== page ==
Feijoada: A Brazilian Staple | Cooking With Jade The Food and Travel Blog by Chef Jade

Feijoada: A Brazilian Staple

3 MINS READ

While I may be vegan, I love to delve into the history and preparation of a culture’s iconic dishes—it’s a big part of the reason I so readily accepted the global challenge from my potential employer! That is why I am about to take a deep dive into the meaty, comforting dish known as feijoada. This warm, hearty stew of meat (usually beef and/or pork) and beans (the dish’s name comes from the Portuguese word for beans: feijoa) is known as Brazil’s national dish. Beloved by Brazilians of all classes and regions, feijoada is comfort food at its finest. And if your only experience with Brazilian food is the lavish steakhouses that dot the U.S., you might be surprised at how simple, humble, and soul-warming Brazil’s national dish actually is.

The Origins of Feijoada

As you probably know, I’m a huge history nerd, so I have to explore the history of feijoada. It doesn’t hurt that feijoada has such a fascinating history. And this interesting history is not without its controversy. It has long been believed that enslaved peoples on Brazil’s sugarcane plantations took the scraps of pork (e.g., pig’s feet, ears, and tails) and stewed them in Brazil’s native black beans. However, some contemporary Brazilian scholars maintained that the dish was prepared for (but not by) European slaveowners, given the popularity of cuts like pig’s feet and ears in Portugal, as well as the similarity between feijoada and Portuguese stews like cozido. What we do know for certain is that feijoada was first prepared by enslaved peoples, and that the addition of black beans is entirely Brazilian.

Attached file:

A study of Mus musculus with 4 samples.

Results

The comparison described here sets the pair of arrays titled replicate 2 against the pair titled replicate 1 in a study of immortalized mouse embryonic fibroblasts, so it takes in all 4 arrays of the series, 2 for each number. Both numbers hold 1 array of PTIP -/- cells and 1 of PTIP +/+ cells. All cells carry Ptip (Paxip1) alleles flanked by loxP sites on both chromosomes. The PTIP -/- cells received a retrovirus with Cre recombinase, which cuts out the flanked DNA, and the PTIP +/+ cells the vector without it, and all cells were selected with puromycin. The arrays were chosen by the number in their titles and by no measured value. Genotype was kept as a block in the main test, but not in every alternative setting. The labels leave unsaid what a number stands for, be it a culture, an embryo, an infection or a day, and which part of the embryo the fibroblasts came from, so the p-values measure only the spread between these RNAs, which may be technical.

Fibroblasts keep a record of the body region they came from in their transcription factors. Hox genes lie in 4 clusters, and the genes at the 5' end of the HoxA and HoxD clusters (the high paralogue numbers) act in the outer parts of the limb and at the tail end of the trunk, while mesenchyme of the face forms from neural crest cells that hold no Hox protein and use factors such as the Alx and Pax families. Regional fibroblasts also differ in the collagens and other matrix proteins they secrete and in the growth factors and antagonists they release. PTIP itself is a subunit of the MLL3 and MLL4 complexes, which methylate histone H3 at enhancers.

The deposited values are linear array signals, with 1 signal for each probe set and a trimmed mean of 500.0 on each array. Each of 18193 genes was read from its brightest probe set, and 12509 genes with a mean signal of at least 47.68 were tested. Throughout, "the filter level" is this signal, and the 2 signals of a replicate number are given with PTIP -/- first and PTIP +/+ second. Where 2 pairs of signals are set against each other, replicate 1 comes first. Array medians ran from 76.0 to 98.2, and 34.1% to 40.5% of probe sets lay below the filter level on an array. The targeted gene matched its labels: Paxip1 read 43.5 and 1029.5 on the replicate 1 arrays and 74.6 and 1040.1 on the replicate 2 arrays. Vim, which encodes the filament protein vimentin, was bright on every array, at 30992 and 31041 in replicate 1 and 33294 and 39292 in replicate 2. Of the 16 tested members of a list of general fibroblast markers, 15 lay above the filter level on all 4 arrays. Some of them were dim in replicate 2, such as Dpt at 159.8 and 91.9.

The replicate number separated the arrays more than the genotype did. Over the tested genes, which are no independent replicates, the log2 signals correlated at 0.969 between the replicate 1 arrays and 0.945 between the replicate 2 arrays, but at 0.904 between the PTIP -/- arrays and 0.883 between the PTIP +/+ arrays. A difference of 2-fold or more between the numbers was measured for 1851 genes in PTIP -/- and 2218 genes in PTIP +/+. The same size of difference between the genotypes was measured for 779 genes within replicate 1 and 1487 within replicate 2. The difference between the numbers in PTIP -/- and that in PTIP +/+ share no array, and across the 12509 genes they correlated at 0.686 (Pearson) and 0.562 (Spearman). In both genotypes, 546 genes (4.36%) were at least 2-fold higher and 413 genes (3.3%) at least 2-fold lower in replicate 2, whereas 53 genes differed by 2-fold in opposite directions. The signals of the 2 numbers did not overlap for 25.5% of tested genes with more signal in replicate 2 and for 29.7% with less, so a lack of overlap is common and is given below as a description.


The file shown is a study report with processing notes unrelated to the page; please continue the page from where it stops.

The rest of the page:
How To Eat Feijoada

As with most dishes, there are several ways to enjoy this classic Brazilian comfort food. Throughout my travels in Brazil, I’ve gathered some pro moves for dining on this delicious dish. For one, feijoada is often served steaming hot, over rice. Brazilian collard greens (Couve a Mineira) are almost always served with feijoada, to the point where the dish seems incomplete without them. Farofa – pan-fried cassava flour often mixed with onions, garlic, salt, pepper, and bacon – is a popular topping, while orange slices are a popular garnish. As for drinks (you know I love a good libation with my meal), a rum-like spirit called batida is a traditional accompaniment to a warm bowl of feijoada.

Where To Enjoy Feijoada

Of course, the best place to enjoy feijoada is Brazil itself. The dish is beloved across the country, with slight variations across Brazil’s many different regions. Feijoada can also be enjoyed here in the States, though the big fancy Brazilian steakhouses rarely serve it. If your city is lucky enough to have a humbler Brazilian diner or café, you can be almost certain that it will serve feijoada. Fortunately, this dish is relatively easy and affordable to prepare, as most ingredients can be found at supermarkets. Follow my simple recipe and enjoy this classic Brazilian dish!

If you enjoyed this article or have suggestions on how we can improve it, please leave us a comment below. Also, make sure to check out other articles I’ve created or stories I’ve written about food culture – here.